Next year looks set to be as tough as 2012 for retailers, with “shaky consumer confidence” likely to continue into 2013.

A study conducted by the KPMG/Ipsos Retail Think Tank found that the impact of the sluggish economy on trading conditions and consumers’ disposable income levels will remain the “key challenge facing the retail sector in 2013”.

 “Austerity Britain is here to stay and 2013 will feel remarkably like 2012,” said David McCorquodale, head of retail at KPMG and a member of the Retail Think Tank. “The lack of economic growth and shaky consumer confidence will result in yet another year of deferred discretionary spend, especially for retailers selling big ticket items.”

Despite record numbers of shoppers visiting retail websites on Boxing Day - Experian said visits were up 17% to 113 million – 2012 has been a tough year for retailers, with store groups including Game, Clinton Cards, Peacocks and more recently Comet hitting the wall.

Vicky Redwood, chief UK economist at Capital Economics, said the squeeze on disposable incomes is set to continue next year, and that real pay is “likely to fall further” in 2013, with inflation continuing to outpace pay growth.

“Although the Autumn Statement contained a few sweeteners for households, a number of cuts already announced are still set to go ahead this year,” said Redwood. “Together, these will knock 0.8% off households’ incomes in 2013. And public sector employment is likely to fall further.”

McCorquodale added that increased overheads, including rising business rates, will also hit retailers in 2013. Retail Week and the British Retail Consortium are jointly lobbying Government to freeze business rates next year through the campaign Fair Rates for Retail.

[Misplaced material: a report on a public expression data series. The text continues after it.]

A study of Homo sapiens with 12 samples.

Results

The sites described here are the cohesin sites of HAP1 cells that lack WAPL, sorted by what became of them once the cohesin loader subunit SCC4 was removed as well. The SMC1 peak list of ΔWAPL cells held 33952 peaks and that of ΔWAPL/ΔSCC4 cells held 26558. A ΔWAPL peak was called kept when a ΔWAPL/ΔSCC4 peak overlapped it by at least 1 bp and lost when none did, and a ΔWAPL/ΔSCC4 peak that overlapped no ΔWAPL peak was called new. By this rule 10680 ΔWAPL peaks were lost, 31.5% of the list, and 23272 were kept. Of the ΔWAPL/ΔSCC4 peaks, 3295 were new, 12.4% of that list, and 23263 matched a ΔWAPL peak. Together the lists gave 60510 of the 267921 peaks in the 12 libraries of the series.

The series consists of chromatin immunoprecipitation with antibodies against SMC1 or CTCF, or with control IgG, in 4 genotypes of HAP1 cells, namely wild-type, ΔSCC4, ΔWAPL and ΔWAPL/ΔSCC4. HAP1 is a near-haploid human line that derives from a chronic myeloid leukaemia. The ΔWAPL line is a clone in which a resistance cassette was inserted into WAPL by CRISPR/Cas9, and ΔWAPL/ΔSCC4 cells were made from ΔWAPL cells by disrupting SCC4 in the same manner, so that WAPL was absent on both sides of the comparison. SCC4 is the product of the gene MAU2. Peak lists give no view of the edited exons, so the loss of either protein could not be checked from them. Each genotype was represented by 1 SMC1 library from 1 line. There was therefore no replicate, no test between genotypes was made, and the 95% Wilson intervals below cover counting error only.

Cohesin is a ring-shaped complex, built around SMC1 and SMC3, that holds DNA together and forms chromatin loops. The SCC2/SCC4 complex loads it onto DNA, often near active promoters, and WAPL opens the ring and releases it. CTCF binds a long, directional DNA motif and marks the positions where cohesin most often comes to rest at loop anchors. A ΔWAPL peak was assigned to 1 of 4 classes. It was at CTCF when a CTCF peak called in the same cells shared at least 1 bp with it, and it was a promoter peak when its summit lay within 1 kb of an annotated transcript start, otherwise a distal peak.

The study also found that a lack of quality large format prime retail space could curb retailers’ expansion plans in 2013.  Mark Teale, head of retail research at CBRE, said: “Speculative development activity is at a record low. Instead developers are undertaking small extensions to established schemes.  

“With little new space coming on stream, primary shortages are becoming more and more acute. The dearth of speculative development has left large store expansion plans in tatters.”

Neil Saunders, managing director of Conlumino, said technology will continue to be a key battle ground for retailers in the fight for spend.

“Technology is an area of real growth and we can expect to see exciting innovations around payment technologies, augmented reality and personalisation. All of these things will provide a boost in 2013 and will help retailers to be more responsive to customers and, consequently, drive up things like conversion rates and transaction values,” he said.

The report also expects retailers to expand overseas to counteract the unstable domestic market.

Richard Lowe, head of retail and wholesale at Barclays, said: “The borderless retail landscape created by e-commerce means that it is easier than ever before for retailers of all shapes and sizes to tap into new markets. By adopting online strategies, retailers can test local appetite for brands and products without having the associated overheads of opening physical stores.”